Posted August. 23, 2005 03:28,
We are not just ordinary dogs. We are always ready for real situations.
In the third dog-training center in Yangju, Gyeonggi province in the afternoon on August 22, four shepherds that are going to be dispatched to the Zaytun unit in Iraq three days later are eagerly looking for something around trucks, instruments, and facilities. They are going through their final training for the on-the-job service.
Six-year old Freezer, a male dog, found C4 explosive hidden under a military truck in just two minutes. Freezer was rewarded with playing time with rubber balls.
The third dog-training center is one of two military dog-training centers of the army. The center was founded in 1976 and currently trains some 120 dogs. Every year about 70 trained dogs leave the center and around 2,000 military dogs have been produced to date.
Starting at 8:00 a.m. military dogs receive rigorous training such as clearing obstacles, detecting bombs and climbing down ropes from helicopters.
The selection process is strict and the training process is rigorous, but the treatment is special. Contrary to the public knowledge, grades are not given to dogs.
Fostering military dogs starts with raising breeding dogs. Breeds of dogs trained there include German shepherd and Belgium malinois, eight male dogs and 12 female dogs.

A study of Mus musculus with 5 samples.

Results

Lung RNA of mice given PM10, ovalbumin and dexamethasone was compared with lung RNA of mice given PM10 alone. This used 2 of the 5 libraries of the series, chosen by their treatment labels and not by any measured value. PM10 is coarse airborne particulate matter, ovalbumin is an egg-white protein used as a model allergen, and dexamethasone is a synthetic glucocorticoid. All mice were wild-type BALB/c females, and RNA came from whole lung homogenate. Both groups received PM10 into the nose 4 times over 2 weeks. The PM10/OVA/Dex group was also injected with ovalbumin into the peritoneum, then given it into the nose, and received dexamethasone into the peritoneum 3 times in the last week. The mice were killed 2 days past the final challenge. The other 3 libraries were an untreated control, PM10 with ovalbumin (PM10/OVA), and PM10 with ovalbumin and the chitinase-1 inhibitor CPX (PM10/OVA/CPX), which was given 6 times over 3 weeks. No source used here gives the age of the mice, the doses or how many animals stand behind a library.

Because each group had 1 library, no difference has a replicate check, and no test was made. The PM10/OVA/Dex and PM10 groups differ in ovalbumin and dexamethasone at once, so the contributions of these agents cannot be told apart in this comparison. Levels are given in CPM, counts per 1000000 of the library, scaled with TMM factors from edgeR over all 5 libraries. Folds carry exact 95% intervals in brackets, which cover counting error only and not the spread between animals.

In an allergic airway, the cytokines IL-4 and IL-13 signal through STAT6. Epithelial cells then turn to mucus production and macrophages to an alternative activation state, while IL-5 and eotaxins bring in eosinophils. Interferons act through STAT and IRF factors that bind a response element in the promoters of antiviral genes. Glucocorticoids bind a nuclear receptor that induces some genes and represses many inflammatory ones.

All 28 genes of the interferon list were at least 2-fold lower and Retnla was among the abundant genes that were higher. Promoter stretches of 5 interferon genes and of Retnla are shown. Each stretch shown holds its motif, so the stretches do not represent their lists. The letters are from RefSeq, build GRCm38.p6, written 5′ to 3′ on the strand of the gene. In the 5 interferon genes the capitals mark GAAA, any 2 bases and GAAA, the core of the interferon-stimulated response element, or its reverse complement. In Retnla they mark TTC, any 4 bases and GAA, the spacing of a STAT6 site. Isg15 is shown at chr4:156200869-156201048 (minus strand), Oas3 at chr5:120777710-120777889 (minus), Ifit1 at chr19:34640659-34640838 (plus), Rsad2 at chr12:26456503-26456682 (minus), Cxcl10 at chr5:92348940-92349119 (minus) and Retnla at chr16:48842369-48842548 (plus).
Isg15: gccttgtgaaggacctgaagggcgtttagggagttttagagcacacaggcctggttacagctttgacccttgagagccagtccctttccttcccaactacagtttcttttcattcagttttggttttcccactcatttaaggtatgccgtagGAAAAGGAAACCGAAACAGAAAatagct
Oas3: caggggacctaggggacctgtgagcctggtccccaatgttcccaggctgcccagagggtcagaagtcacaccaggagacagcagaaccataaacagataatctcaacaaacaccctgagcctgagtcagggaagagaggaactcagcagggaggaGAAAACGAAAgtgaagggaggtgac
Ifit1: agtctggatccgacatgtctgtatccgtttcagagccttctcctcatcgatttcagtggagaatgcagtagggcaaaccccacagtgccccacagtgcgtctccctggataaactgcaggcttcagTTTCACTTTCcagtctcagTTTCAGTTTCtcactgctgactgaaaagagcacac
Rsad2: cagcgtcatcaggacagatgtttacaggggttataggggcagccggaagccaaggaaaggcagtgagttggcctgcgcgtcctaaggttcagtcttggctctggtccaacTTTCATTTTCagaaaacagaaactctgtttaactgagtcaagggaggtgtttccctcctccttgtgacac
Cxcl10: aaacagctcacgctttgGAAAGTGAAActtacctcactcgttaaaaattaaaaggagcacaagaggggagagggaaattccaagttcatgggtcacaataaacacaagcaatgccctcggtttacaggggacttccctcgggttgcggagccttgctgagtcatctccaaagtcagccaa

They share a four-pyeong room and work out on a treadmill. The training center refused to disclose the price value of the dogs, but they are presumed to be valued at more than 10 million won.
Puppies born by these dogs are registered as military dogs when they become 45 days old and receive dog numbers when they become 12 weeks old.
Not all of them are raised to become military dogs for on-the-job service. They go through a three-step rigorous procedure, including analysis of pedigree, evaluation of appearance and training ability, and comprehensive medical training. Usually only one out of four of them become military dogs.
As soldiers have their specialties, military dogs are categorized into four groups: search dogs, chase dogs, warning dogs and detection dogs. When they turn nine to 12 months old, after examination, they receive six-month long basic training and go through seven-month long training according to their specialties.
A medical team led by a veterinarian (a major) cares for dogs with hundreds of millions of won worth of medical instruments such as an ultrasonograph, a blood tester, and an electrocardiogram, to which soldiers do not have access.
Kim Noh-seon (43), a major in charge of training dogs, said, We maintain the optimal condition of the dogs through careful management since the military dogs take important tasks in times of emergency.